The following comes from a July 19 story in the Washington Post.
As Ann Cabiness stood in the Communion line at Our Lady of Lourdes Catholic Church on Sunday morning, two things were on her mind: connecting with God and getting out of the humid sanctuary before someone mentioned her skimpy tank top and tight, knee-length running pants.
“I know I’m inappropriate, but I’m trying to save time. I know I’m in the wrong. My mother would not approve,” the 30-year-old said sheepishly as she made a beeline from Mass at the Bethesda church to the gym. “But would it be better that I not come?”
Summer in our sweltering region forces a theological question: How does God feel about exposed shoulders in a house of worship? Or toes? Or some glimpse of thigh?
With temperatures in the 80s by 7:30 a.m. services, this is the season for church bulletin items like the one in Our Lady’s: “Dignity & Decorum: Please try not to wear beach shorts, tank tops, and flip-flops to the Holy Sacrifice of the Mass. Thank you.”
In general, casual has pummeled formal everywhere in America, from airplanes to offices. But places of worship — where debates on modesty are not confined to the summer months — may be the final frontier for questions about what constitutes overly risque. And those questions have recently sprung to new life.
A popular campaign aimed at young evangelical women called “Modest is Hottest” has triggered backlash by devout younger women who see the slogan as sexist. When the Bible calls for “modesty,” they argue, it refers to displays of things like wealth and is describing the depth of one’s spirit, not their neckline.Teaching women that their value rises if they have more clothes on is objectifying, a torrent of essays have argued.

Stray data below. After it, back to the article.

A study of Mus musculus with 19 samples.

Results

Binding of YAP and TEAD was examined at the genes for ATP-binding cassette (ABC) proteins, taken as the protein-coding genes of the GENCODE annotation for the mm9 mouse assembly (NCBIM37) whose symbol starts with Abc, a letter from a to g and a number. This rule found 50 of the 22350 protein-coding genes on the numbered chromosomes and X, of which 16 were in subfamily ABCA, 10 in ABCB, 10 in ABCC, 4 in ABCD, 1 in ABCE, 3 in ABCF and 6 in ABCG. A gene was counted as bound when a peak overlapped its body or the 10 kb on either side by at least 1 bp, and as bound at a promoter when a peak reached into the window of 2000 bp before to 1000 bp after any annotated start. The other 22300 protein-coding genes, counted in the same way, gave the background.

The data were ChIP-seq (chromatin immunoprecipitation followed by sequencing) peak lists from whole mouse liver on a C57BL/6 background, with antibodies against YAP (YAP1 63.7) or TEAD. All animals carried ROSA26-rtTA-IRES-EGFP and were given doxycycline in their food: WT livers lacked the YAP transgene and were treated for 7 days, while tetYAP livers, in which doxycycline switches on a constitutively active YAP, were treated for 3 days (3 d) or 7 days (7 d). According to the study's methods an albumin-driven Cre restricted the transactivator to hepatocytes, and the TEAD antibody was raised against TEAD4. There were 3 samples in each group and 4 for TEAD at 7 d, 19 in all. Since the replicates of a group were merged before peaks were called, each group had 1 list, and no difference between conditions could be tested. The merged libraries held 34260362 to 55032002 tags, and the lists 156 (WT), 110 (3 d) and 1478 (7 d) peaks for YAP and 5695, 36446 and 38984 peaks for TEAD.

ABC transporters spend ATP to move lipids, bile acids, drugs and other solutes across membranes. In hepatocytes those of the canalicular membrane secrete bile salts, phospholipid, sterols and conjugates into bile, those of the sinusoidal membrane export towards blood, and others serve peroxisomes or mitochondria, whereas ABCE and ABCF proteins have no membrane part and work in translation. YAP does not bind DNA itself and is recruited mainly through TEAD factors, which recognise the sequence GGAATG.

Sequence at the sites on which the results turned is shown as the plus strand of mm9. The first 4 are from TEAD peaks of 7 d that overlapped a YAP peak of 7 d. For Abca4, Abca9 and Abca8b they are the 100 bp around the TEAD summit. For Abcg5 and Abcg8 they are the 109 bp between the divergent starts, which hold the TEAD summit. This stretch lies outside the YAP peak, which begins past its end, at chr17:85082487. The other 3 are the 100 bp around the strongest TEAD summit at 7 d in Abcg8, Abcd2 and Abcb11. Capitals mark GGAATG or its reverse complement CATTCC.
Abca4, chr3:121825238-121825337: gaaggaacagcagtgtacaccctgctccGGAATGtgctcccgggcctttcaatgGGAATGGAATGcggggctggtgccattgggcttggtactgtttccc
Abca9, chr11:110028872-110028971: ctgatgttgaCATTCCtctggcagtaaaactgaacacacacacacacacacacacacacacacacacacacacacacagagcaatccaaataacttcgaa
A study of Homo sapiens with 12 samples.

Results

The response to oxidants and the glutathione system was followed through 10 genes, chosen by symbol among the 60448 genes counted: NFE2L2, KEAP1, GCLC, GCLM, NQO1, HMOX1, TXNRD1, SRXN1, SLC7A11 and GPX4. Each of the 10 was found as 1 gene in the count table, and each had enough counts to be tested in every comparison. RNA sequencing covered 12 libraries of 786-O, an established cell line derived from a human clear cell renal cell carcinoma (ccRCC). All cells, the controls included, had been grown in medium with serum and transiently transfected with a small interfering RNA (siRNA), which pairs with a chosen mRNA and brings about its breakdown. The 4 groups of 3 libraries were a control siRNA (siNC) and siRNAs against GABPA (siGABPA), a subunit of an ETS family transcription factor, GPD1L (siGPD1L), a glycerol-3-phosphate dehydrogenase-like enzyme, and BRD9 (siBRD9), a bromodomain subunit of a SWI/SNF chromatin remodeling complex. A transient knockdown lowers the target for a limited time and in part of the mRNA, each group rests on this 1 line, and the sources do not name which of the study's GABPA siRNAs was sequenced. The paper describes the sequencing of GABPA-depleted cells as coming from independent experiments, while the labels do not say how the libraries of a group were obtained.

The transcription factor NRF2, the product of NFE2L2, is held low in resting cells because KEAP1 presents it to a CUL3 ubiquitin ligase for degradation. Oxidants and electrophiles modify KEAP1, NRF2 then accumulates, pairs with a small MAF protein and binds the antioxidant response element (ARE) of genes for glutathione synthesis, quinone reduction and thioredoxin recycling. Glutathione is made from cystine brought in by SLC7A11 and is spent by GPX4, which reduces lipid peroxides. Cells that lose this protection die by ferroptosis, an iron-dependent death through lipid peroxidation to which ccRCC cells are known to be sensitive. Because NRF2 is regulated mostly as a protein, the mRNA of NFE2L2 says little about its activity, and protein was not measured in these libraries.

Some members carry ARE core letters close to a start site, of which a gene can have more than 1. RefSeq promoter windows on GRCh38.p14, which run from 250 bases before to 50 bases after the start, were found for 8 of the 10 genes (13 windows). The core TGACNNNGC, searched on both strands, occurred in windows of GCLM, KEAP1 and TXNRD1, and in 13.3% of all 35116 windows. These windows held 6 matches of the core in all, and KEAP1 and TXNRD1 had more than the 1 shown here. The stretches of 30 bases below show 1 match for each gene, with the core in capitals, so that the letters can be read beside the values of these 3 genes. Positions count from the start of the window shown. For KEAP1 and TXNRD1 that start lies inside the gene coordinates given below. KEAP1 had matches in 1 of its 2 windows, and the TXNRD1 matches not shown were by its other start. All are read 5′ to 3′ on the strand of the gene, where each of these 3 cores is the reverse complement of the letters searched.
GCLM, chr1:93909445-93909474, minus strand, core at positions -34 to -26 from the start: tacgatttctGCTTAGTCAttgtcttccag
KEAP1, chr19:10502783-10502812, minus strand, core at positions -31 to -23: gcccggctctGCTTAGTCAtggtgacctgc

“A woman’s breasts and buttocks and thighs all proclaim the glory of the Lord,” said Sharon Hodde Miller, a doctoral student at Trinity Evangelical Divinity School whose critique of “modest is hottest” in the online evangelical magazine Christianity Today was one of the best-read of recent years. “Modesty is an orientation of the heart, first and foremost. It begins with putting God first. To look at an outfit and say if it’s modest or immodest, I’m not sure you can do that.”
Some critics say the drive for looser, longer fabric has political tones, a “modesty nostalgia” for a happier, more fully clothed America that some feel never was. But advocates for less skin in the sanctuary see modest attire as transformational — part of the process of moving into a spiritual head space.
Particularly today as institutional religion bleeds members, many churches — even some theologically conservative ones — advertise that dress is “come as you are.”
“We don’t want clothes to ever be a barrier. That’s one reason we don’t talk about it,” said the Rev. Don Davidson of First Baptist Church of Alexandria.